How to Help Teachers Help Students


Orlando, Fla. (Ivanhoe Newswire) — Nearly 27 percent of teachers are now considering leaving their profession or taking a leave of absence due to COVID-19. The pandemic has made it difficult for teachers to create successful learning environments. Now as schools return to normalcy, a study finds that new approaches to teaching can make a difference.

The COVID pandemic has dramatically affected how students learn.

Teachers across the country have also missed out on professional learning events that introduce new strategies. In a study, scientists tested an online evidence-based approach on over 100 teachers. The strategy encourages educators to prioritize certain learning methods, with peer interactive learning being the most important.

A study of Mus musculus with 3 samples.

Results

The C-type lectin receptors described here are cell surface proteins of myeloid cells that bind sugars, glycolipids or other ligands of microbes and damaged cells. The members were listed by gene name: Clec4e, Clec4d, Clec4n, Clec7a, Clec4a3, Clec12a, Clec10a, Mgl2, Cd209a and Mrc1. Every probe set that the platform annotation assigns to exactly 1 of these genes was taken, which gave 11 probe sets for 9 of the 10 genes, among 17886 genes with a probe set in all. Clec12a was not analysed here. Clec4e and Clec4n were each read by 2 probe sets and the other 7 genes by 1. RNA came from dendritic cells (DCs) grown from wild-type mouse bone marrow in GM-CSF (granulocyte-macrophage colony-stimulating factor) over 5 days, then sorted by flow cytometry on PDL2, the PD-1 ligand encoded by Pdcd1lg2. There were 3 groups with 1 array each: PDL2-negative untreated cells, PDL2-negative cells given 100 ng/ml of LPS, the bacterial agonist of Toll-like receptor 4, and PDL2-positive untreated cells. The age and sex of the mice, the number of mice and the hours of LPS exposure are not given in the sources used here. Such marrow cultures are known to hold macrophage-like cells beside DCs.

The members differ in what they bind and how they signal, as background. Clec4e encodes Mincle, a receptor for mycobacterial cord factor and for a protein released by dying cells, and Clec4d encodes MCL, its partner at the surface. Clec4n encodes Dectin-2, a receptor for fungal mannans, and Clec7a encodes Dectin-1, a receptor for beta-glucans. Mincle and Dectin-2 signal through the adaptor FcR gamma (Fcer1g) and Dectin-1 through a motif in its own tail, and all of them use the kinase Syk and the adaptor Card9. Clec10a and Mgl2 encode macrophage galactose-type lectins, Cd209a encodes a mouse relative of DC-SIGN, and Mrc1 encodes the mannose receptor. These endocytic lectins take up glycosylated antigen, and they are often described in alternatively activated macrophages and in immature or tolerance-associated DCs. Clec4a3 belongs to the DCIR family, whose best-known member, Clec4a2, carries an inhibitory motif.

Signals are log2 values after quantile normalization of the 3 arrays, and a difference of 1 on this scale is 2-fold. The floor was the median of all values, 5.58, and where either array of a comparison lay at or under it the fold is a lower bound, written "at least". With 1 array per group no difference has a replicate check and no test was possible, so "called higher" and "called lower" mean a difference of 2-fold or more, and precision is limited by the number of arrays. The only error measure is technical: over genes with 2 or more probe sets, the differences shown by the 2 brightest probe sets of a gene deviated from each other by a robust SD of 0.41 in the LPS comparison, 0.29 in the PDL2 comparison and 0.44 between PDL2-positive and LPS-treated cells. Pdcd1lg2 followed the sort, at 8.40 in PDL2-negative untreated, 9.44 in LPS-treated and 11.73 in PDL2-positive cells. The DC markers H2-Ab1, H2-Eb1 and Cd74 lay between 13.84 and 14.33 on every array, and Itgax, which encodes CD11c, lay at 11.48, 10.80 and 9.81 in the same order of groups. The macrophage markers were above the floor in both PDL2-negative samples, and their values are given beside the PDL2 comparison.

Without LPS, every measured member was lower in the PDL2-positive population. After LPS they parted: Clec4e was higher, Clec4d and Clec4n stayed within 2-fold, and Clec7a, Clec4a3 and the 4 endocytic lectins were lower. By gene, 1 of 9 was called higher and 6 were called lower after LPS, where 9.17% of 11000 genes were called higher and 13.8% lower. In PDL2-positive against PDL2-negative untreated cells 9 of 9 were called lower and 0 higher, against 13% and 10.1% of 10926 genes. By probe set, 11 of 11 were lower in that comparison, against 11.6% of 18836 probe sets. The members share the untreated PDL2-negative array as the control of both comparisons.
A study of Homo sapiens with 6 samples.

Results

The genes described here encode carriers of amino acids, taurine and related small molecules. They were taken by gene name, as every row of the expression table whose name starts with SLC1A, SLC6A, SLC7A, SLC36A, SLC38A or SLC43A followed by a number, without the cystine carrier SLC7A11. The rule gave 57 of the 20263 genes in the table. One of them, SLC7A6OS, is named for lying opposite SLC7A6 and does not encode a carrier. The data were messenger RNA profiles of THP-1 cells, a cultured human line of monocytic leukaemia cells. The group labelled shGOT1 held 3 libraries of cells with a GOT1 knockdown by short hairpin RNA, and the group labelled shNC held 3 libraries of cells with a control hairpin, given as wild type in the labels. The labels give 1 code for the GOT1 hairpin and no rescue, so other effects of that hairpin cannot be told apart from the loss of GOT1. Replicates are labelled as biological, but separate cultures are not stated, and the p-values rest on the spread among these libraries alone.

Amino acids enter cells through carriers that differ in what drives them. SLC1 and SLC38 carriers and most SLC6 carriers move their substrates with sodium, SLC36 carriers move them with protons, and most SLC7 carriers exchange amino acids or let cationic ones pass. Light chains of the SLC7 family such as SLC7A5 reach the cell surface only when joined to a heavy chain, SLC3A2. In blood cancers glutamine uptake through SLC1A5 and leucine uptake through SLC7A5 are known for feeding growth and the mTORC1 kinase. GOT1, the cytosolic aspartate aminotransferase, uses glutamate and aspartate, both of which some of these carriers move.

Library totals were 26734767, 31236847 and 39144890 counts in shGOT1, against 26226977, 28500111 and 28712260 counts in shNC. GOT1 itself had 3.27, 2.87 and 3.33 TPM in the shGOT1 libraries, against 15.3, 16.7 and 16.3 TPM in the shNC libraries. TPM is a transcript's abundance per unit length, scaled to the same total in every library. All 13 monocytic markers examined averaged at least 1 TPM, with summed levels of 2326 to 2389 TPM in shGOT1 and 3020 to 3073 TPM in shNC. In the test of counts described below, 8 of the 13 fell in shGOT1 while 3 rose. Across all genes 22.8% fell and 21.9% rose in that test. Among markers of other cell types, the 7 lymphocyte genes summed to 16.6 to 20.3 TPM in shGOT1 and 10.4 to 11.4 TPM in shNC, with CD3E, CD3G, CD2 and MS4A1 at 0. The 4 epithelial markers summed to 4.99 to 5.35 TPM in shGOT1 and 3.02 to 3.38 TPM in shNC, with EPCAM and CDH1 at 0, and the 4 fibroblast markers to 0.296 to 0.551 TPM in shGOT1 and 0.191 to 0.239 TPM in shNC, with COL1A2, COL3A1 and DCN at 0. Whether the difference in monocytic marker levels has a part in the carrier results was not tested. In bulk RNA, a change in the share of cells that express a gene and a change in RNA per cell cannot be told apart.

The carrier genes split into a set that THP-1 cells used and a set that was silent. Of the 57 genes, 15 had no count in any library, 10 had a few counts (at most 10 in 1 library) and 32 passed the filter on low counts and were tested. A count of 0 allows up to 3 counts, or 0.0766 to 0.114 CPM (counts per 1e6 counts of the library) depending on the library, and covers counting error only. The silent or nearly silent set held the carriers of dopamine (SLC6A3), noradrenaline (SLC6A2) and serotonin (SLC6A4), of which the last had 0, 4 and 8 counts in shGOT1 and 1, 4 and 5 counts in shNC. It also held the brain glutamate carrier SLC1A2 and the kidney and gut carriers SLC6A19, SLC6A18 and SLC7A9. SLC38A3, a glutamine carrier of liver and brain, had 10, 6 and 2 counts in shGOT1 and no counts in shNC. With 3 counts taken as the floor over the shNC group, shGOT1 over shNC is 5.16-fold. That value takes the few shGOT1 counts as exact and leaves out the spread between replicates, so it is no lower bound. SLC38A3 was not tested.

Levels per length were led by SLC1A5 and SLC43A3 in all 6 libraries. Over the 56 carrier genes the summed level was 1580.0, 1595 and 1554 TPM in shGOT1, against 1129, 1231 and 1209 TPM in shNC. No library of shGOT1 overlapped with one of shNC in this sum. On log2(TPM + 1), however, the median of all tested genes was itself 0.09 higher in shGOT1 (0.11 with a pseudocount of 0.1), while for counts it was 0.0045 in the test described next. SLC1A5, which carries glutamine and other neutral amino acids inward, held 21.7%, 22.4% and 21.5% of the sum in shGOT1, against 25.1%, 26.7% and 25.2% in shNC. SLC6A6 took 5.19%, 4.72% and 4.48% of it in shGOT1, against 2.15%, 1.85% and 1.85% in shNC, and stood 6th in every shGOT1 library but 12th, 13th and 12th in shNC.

Education scientists find that when ICAP is successfully executed, students thrive. Teachers and even homeschooling parents can use interactive and constructive strategies by asking deep, open-ended questions when introducing a new idea. Some examples are: “What do you think of your partner’s ideas?” “How did you decide?” or “What might happen?” It’s a technique that prompts students to use critical thinking skills which leads to better learning.

With the ICAP learning model approach, passive learning is considered the least effective. This is the traditional style of paying attention or receiving information from instructional materials without doing anything else related to learning. Examples include: listening to a lecture or reading a text silently.

Contributors to this news report include: Cyndy McGrath, Executive Producer; Milvionne Chery, Field Producer; and Roque Correa, Editor.

Produced by Child Trends News Service in partnership with Ivanhoe Broadcast News and funded by a grant from the Institute of Education Sciences (IES).